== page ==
What signal do the brakes on Ant Group's IPO send?
Editor's note: Liu Chunsheng is an associate professor at the Central University of Finance and Economics in China and deputy dean of Blue Source Capital Research Institute. The article reflects the author's opinion, and not necessarily the views of CGTN.
On November 3, the Shanghai Stock Exchange issued the "Decision on Suspending the Initial Public Offering of Ant Technology Group Co., Ltd" on its official website. Later on, Ant Group issued a statement to investors that its plan for a simultaneous listing on the Hong Kong Stock Exchange would also be suspended.
Prior to this, Ant Group had long been a magnet for attention in the capital market, with numerous halos above its head. When the news of Ant Group's IPO came out, five strategic placement funds investing in this company started their share sale exclusively on the third-party platform of Alipay, and the fund shares were quickly sold out. Later, Ant Group set the price for its IPO on the Shanghai Stock Exchange at 68.8 yuan per share, making it the world's biggest-ever IPO. With a total valuation of 2.1 trillion yuan, Ant Group was set to overtake Kweichow Moutai to become the A-share company with the largest market cap. If the IPO went on as scheduled, it would set multiple records.
This triumphant spectacle came to an abrupt end with Jack Ma, the de facto controller of Ant Group, speaking at the Bund Summit in Shanghai and the ensuing uproar. On November 2, the People's Bank of China, China Banking and Insurance Regulatory Commission (CBIRC), China Securities Regulatory Commission (CSRC), and State Administration of Foreign Exchange (SAFE) conducted a regulatory interview with Jack Ma, Chairman Jing Xiandong, and President Hu Xiaoming. On the same day, the CBIRC issued the draft version of the "Provisional Administrative Measures on Online Micro-loan Operations", which the market widely interpreted as a move to tighten up control over Ant Group's lending business.
From an objective point of view, since its inception, Ant Group's innovation in financial technology has indeed played a leading role in the development of China's digital economy, and it has also made outstanding contributions in driving the digital transformation of the global modern service industry with technology and innovation. As a celebrity company and a unicorn, once going public, it would undoubtedly boost the reputation and attractiveness of the Science and Technology Innovation Board.
The Shanghai Stock Exchange. /Xinhua
The Shanghai Stock Exchange. /Xinhua
However, the bigger the corporate behemoth is, the more cautious we should be about it. First of all, Ant Group has changed its name several times in an attempt to shake off its characterization as a financial company. In doing so, it is clearly looking for opportunities for regulatory arbitrage. If we take a look at Ant Group's prospectus, its main revenue from digital financial services has accounted for more than 60 percent of its total revenue, while the micro-lending business has contributed more than 60 percent of its digital finance revenue.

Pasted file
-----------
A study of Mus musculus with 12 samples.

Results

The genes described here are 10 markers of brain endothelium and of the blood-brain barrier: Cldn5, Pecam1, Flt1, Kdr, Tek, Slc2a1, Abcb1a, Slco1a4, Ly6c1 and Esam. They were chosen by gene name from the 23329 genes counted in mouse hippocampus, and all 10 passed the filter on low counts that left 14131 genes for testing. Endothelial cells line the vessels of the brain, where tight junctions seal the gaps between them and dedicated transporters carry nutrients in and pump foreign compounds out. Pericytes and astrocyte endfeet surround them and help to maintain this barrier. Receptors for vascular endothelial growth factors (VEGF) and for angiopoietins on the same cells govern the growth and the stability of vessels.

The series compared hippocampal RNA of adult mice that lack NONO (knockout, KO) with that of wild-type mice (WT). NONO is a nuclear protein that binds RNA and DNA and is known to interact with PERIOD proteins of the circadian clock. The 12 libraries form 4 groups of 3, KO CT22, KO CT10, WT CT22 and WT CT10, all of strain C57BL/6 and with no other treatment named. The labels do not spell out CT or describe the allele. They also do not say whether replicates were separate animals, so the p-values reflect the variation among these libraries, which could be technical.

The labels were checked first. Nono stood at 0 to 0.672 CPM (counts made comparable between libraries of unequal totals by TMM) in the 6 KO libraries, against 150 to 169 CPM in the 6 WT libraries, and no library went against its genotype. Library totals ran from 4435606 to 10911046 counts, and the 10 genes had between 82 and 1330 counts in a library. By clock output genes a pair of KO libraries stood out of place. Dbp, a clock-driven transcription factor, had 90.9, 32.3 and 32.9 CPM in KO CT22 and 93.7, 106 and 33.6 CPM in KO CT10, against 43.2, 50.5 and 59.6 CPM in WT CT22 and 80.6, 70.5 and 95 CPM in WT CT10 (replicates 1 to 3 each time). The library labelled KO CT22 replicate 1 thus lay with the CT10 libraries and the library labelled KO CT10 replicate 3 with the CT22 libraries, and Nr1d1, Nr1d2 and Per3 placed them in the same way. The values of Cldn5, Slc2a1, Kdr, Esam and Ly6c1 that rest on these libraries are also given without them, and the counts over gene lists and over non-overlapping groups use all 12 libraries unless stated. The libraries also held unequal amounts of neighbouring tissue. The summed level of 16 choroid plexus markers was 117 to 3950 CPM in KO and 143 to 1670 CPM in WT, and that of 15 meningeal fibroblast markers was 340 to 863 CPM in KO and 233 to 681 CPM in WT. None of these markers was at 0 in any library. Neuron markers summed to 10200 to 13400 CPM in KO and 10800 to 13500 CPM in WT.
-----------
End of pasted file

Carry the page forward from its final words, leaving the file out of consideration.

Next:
Ant's micro-lending business is mainly made up of three pillars: credit card-like consumer lending (Huabei), small unsecured personal lending (Jiebei), and lending to small and micro-companies. Although Ant Group brands itself as an innovator, its innovation-driven business accounts for less than 1 percent of its revenue. It's actually engaged in traditional financial business under the guise of tech innovation. Yet, it's reluctant to be included in the financial regulatory system.
Secondly, has technology changed the nature of finance? At least not yet. Credit is still the cornerstone of finance. Tech development cannot iron out economic cycles, and therefore it cannot stamp out systemic financial risks. Technology, however innovative it is, will be eventually applied to some kind of financial entities, be it a business or an individual. It's true that digital technology is better at identifying financial risks, but only with strong regulations can the sound development of the financial sector and the prosperity of the real economy be guaranteed.
Finally, after more than a decade of high-speed growth, the Internet economy is where companies and regulators have gained a lot of experience and also learned many lessons the hard way. It is understandable for the authorities to set out regulatory guidelines and industry standards when the time is ripe. From this perspective, these new rules can not only provide a level playing field for Ant Group and other companies but also help to drive stable development of the industry, enhance corporate compliance with regulations, encourage rational consumer spending, and safeguard investors' wealth.
Of course, from a regulatory point of view, the authorities are not trying to intentionally nip the IPO in the bud because it is equally important to support tech innovation and maintain financial stability. For private companies like Ant Group, which are growing super fast in China's fertile soil, updated regulation is necessary to prevent risks that may arise from financial innovation. With that being said, strengthening communication between regulators and companies to encourage and embrace innovation is also an effective measure to continuously improve regulatory efficiency and capabilities.
Finding the right balance between financial tech innovation and risk prevention to maintain financial stability is not only a test of the wisdom of the regulator but also a test of the wisdom of companies in question. For now, it's hard to predict when Ant Group's IPO will resume, but its pricing and valuation will inevitably be lowered. Nevertheless, this debate over financial tech innovation and financial regulation will be a spectacular one in driving the healthy development of China's digital economy and finance.